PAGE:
For the most basic cream all you need are three ingredients:
1/2 cup grape seed oil
1/4 cup ewax
3/4 cup water
From this basic formula, you can add all sorts of extras. The following are all standard ingredients, and won't add drastically to the cost:
1 tbsp glycerin (add this to the water)
1/4 tsp vitamin E
12-15 drops of essential oil
1/8 tsp of Germall Plus (a preservative)
Note on ingredients:
I wanted to avoid fragrance which meant I had to choose my oil carefully, since I couldn't use perfume to mask an unpleasant oily smell. I chose grape seed oil for all sorts of reasons: the smell is neutral, it gives a cream with a very pleasant texture which absorbs nicely without feeling greasy, it does not clog pores and give you pimples, it has a good shelf life, it is widely available from any grocery store and it is (relatively) cheap. Jojoba oil, for example, which shares many of the same qualities, is much more expensive. Castor oil is also odor free and has a great shelf life, plus it has the advantage of containing lots of ricinoleic acid. This compound has a useful anti-inflammatory effect -- but castor oil gives the cream an unpleasantly heavy, sticky feel if there's too much of it. I could go on and on about all the different oils... suffice it to say, after much experimentation, this one is my favorite. If my eczema test subject is suffering from an outbreak I might combine it with castor oil (I'll use 1/3 cup grape seed, then enough castor oil to get 1/2 cup oil) to help reduce inflammation.
Ewax is a blend of cetearyl alcohol and polysorbate 60. The E stands for emulsifying, and it's purpose is to blend the oil and water into a smooth, stable cream (you might find it under the name "emulsifying wax NF" in online stores). It comes in white, waxy flakes which are easy to measure and melt. I like it better than the "all natural" alternative of beeswax and borax because the cream is less sticky and more stable (i.e. the water and oil in the cream are less likely to separate). I've never seen this sold in a brick and mortar store but it is very easy to find emulsifying wax online. One pound will last a long time...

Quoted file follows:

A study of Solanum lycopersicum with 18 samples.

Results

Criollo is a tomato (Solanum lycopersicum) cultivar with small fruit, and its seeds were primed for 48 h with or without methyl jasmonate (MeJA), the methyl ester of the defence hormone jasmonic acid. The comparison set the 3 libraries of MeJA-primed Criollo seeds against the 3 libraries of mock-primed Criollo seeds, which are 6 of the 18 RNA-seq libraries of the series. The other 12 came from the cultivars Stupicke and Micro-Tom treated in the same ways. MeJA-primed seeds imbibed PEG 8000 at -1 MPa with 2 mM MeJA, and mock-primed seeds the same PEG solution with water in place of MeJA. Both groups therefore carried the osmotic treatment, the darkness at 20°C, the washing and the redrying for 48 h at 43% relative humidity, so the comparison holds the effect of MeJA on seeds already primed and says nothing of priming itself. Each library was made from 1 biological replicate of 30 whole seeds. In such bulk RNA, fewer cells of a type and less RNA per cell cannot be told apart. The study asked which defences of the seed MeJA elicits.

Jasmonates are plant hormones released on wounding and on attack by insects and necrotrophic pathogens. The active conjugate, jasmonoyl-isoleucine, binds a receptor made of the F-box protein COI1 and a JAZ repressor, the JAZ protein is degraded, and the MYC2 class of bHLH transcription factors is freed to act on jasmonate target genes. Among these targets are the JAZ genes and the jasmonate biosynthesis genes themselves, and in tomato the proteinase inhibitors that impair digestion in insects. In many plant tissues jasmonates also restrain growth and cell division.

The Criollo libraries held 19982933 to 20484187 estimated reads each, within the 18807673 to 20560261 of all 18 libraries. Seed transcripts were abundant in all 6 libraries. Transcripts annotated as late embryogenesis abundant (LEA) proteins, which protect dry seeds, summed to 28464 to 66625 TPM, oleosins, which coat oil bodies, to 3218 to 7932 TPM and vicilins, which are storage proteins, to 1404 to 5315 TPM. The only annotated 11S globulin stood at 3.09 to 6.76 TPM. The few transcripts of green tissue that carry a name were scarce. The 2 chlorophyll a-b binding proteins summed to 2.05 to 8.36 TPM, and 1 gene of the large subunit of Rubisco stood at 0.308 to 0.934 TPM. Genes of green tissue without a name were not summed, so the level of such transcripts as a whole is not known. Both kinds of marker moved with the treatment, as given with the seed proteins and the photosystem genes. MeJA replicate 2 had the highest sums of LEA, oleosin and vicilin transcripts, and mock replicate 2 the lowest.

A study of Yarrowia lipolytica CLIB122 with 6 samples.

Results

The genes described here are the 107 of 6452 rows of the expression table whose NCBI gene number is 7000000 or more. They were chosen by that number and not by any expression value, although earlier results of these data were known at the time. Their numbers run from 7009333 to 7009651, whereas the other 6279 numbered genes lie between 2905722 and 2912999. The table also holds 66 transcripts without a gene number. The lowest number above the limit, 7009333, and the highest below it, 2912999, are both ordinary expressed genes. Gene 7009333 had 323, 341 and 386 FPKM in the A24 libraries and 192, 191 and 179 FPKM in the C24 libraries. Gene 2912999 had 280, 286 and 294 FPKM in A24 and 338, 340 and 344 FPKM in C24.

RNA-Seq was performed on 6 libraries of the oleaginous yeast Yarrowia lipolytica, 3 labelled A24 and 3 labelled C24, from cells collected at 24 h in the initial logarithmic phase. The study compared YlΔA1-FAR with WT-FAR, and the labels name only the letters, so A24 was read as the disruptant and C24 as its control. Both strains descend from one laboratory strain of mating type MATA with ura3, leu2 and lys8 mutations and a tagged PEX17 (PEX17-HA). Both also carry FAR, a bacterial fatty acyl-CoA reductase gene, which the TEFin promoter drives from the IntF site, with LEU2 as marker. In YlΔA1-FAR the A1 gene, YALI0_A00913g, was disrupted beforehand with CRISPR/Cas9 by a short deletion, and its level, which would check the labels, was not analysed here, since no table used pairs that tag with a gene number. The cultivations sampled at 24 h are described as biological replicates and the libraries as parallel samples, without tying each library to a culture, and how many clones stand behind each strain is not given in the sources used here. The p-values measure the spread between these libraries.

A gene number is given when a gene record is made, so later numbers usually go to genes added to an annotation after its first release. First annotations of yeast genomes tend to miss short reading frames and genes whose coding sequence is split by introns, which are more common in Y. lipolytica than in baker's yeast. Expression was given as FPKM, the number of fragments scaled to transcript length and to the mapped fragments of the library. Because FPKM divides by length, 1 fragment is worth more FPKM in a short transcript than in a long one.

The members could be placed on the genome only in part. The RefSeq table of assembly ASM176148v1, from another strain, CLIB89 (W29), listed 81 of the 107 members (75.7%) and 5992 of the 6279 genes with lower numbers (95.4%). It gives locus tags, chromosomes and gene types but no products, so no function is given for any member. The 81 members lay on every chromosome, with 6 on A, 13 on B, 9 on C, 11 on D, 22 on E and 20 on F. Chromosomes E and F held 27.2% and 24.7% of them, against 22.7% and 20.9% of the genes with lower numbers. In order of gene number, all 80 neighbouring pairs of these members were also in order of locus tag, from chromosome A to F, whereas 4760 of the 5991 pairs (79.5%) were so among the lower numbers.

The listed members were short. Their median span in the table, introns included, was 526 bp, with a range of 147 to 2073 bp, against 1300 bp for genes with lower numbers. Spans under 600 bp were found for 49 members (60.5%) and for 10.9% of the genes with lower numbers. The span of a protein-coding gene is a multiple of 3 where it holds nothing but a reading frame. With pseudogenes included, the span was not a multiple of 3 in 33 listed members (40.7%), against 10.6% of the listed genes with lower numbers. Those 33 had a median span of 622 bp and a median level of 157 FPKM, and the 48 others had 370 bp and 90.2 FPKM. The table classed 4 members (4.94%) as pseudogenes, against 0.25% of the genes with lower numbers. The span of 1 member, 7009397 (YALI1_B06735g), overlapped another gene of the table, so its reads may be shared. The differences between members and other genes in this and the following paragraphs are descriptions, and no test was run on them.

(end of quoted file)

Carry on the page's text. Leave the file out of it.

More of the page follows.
Although supposedly distilled water is better, try as I can I have never been able to discern any difference in quality between creams made with distilled water compared to plain old tap water. Save yourself the trouble and use tap water.
Glycerin is a by-product of soap making. It is a humectant, which means it attracts and absorbs moisture. Adding it to cream helps your skin absorb moisture from the air, but if you use too much the texture of the cream suffers, it starts feeling sticky. You can find glycerin or vegetable glycerin (derived from vegetable oils rather than animal fats) in most drug stores, or you can order some with your ewax.
Vitamin E (aka tocopheryl acetate) is also sold in drug stores, but usually it is not pure. They mix it with water or glycerin and other stuff... you can buy it pure wherever you order your ewax. I like adding it to any cream I make because it is a very strong anti oxidant. This means it will help prevent your oil from going rancid, but it will also help protect your skin against UV damage, bring nourishment to the cells, assists in the healing of damaged tissue and prevents scarring. However, it also prevents blood from clotting so it should never be applied to a bleeding wound.
Essential oils will give your cream a nice scent, and different oils are reputed to have various therapeutic properties. Others, such as any citrus essential oil and ginger will sensitize your skin to UV radiation, so avoid using them if you anticipate any sun exposure.
Preservatives are ESSENTIAL if you plan on giving your cream to someone as a gift or selling it. I speak from experience: I once gave some cream to my mother in law in an opaque pump container. She thought it was so special that she never used it and kept it in her guest bathroom. When I visited about six months later I was very glad to be the first guest -- the stuff was absolutely foul, black, smelly, disgusting in all ways, and since the bottle was opaque someone could have easily used it without checking... That said, I don't generally use preservatives for myself because I make small quantities and use them up very quickly. Instead of putting the cream in one big jar I'll use several small ones and store all the spares in the refrigerator. I also make sure I can see the cream before putting it on, and if hairy stuff starts growing or if it smells "off" I'll throw it out. That's doesn't happen often, and when it does it's not a big deal: at about $1.15 per 16oz of cream, I'm not loosing much. I have only experimented with Germall Plus (again, order it wherever you buy your ewax) because it is a paraben-free preservative which is easy to use, but there are plenty of others. This one works quite well though, I have a one year old test jar of cream still going strong.